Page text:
Every now and then, you’ll encounter a website that forces you to register to view it. Rather than give the website your real email address — often an invitation to spam — you can use one of these tricks instead.
These tricks won’t help you access websites with paid registration. They’re for websites that want you to register for a free account so they can email you and collect data on what you read.
BugMeNot is a database of usernames and passwords for websites that force you to register. If you encounter one of these websites, visit bugmenot.com and plug the address of the website into the box. Use one of the username and password combos to log in. If they no longer work, you can help by registering your own disposable account (see below) and adding it to the BugMeNot site.
There are a number of disposable email services you can use, but Mailinator is one of the most popular. Whenever you need to sign up for a website that requires email verification — and you don’t want to use your own email address so it won’t be spammed — you can use Mailinator.
Note that Mailinator isn’t a private service — you shouldn’t use it for any important accounts.
To use Mailinator, select a random Mailinator email address, like firstname.lastname@example.org. Enter this address when signing up for an account. When you need to use email verification, visit Mailinator’s website and enter the address you mentioned earlier. Anyone can access any email inbox as long as they know its name.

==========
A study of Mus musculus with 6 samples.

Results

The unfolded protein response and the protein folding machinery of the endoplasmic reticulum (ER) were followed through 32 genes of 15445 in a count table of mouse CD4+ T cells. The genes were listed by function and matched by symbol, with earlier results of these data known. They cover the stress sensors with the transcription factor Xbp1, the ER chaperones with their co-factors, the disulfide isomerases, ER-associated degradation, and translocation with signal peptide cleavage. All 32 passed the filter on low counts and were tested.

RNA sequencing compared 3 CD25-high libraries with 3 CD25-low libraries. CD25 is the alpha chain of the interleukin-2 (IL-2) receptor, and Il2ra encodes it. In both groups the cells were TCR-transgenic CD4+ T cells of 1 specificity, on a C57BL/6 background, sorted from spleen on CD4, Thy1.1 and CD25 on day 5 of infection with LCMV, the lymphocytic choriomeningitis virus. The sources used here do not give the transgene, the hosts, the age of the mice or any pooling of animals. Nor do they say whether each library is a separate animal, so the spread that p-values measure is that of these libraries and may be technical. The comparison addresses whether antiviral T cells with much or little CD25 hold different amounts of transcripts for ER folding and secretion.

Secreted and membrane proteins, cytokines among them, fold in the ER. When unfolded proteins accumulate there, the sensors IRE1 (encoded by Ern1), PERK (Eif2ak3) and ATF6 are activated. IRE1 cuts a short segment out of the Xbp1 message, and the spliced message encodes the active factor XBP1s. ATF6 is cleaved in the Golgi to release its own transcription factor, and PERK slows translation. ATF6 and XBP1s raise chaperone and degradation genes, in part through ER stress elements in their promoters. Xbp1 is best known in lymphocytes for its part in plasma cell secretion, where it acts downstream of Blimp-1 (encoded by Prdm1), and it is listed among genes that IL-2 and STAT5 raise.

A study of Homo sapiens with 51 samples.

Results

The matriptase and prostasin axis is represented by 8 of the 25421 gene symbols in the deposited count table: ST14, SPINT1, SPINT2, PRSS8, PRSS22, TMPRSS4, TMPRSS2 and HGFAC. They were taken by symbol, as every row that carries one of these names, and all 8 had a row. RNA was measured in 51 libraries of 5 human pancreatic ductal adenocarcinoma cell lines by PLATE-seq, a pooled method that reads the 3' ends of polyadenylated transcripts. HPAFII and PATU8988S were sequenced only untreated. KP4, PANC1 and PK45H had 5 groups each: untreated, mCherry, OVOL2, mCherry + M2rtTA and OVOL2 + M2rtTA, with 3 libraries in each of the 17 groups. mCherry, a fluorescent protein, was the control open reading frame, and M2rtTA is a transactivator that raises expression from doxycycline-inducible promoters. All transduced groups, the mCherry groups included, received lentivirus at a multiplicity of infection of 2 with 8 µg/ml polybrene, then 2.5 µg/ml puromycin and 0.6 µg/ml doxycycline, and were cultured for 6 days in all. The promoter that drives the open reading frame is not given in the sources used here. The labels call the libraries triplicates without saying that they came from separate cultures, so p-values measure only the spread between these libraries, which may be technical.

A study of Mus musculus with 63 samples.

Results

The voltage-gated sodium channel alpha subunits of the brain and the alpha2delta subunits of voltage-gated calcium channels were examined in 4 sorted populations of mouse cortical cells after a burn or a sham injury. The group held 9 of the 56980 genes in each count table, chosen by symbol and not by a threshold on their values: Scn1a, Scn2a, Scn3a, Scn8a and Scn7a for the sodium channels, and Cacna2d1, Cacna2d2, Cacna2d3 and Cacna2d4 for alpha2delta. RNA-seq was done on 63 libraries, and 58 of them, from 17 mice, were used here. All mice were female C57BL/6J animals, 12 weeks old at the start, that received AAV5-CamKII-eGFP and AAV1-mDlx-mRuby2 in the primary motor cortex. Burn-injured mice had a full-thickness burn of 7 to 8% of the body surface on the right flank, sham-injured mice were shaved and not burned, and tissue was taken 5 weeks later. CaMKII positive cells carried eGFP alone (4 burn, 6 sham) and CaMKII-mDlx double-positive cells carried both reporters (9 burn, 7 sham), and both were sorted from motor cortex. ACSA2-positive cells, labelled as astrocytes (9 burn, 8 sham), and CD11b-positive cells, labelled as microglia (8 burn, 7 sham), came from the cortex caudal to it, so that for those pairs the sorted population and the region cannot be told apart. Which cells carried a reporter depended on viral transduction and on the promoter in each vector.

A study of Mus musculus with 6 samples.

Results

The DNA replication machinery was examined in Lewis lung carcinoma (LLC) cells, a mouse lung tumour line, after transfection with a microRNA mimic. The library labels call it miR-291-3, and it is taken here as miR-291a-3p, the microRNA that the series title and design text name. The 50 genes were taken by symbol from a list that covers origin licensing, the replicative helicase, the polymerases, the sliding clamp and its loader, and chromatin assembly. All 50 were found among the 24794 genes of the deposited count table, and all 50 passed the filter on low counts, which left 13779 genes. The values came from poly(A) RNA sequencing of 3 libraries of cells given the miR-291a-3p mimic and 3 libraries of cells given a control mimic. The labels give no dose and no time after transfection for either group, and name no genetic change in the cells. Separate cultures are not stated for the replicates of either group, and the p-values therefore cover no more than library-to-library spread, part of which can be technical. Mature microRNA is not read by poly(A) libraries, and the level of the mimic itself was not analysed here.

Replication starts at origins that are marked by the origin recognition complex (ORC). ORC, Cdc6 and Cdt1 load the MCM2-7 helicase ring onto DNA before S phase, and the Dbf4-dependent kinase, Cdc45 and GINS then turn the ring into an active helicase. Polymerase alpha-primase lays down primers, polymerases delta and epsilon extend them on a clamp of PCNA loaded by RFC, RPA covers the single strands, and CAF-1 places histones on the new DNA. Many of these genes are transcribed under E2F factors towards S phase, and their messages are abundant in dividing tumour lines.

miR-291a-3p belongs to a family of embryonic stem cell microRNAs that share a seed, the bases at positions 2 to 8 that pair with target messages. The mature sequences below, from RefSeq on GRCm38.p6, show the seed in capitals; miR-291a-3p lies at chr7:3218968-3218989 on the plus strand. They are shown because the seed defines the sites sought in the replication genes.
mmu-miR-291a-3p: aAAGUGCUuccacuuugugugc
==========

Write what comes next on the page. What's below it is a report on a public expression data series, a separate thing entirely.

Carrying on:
Some websites block @mailinator.com addresses. To get around this, you can refresh the Mailinator website several times and use one of the “alternate domains” instead of @mailinator.com. The email will still go into the same Mailinator inbox, but most websites won’t block the alternate domains during registration.
Outlook.com / Hotmail
Microsoft’s Outlook.com and Hotmail both include the ability to create a temporary, disposable email address. This is one feature Microsoft beats Google on. (Yahoo! Mail also has this feature, but you’ll need to be a Plus subscriber.)
To use this feature, click the Create an Outlook alias option on the settings page. Create a new email address and provide it to the website during registration. You can delete the alias whenever you like — this will prevent you from being spammed at that address.
Gmail has a similar feature, although it isn’t quite as good for this purpose. You can append a plus sign plus a combination of words and numbers to your email address. For example, if your email address is email@example.com, you can give out the address firstname.lastname@example.org. You can then set up a filter in Gmail that redirects all email sent to email@example.com to the trash or a special spam label, preventing it from reaching your inbox. When you sign up for something, you can quickly dip into the trash or the spam label and complete the registration process.
This isn’t quite as nice as a disposable email account as it exposes your real email addresses. Clever websites could automatically erase the +spamhere section of your address, although it’s a feature used by so few users that most websites wouldn’t bother.
This trick can also be used to figure out which websites are selling your email to spammers.
How do you deal with these annoying websites? Leave a comment and share any other tricks you use.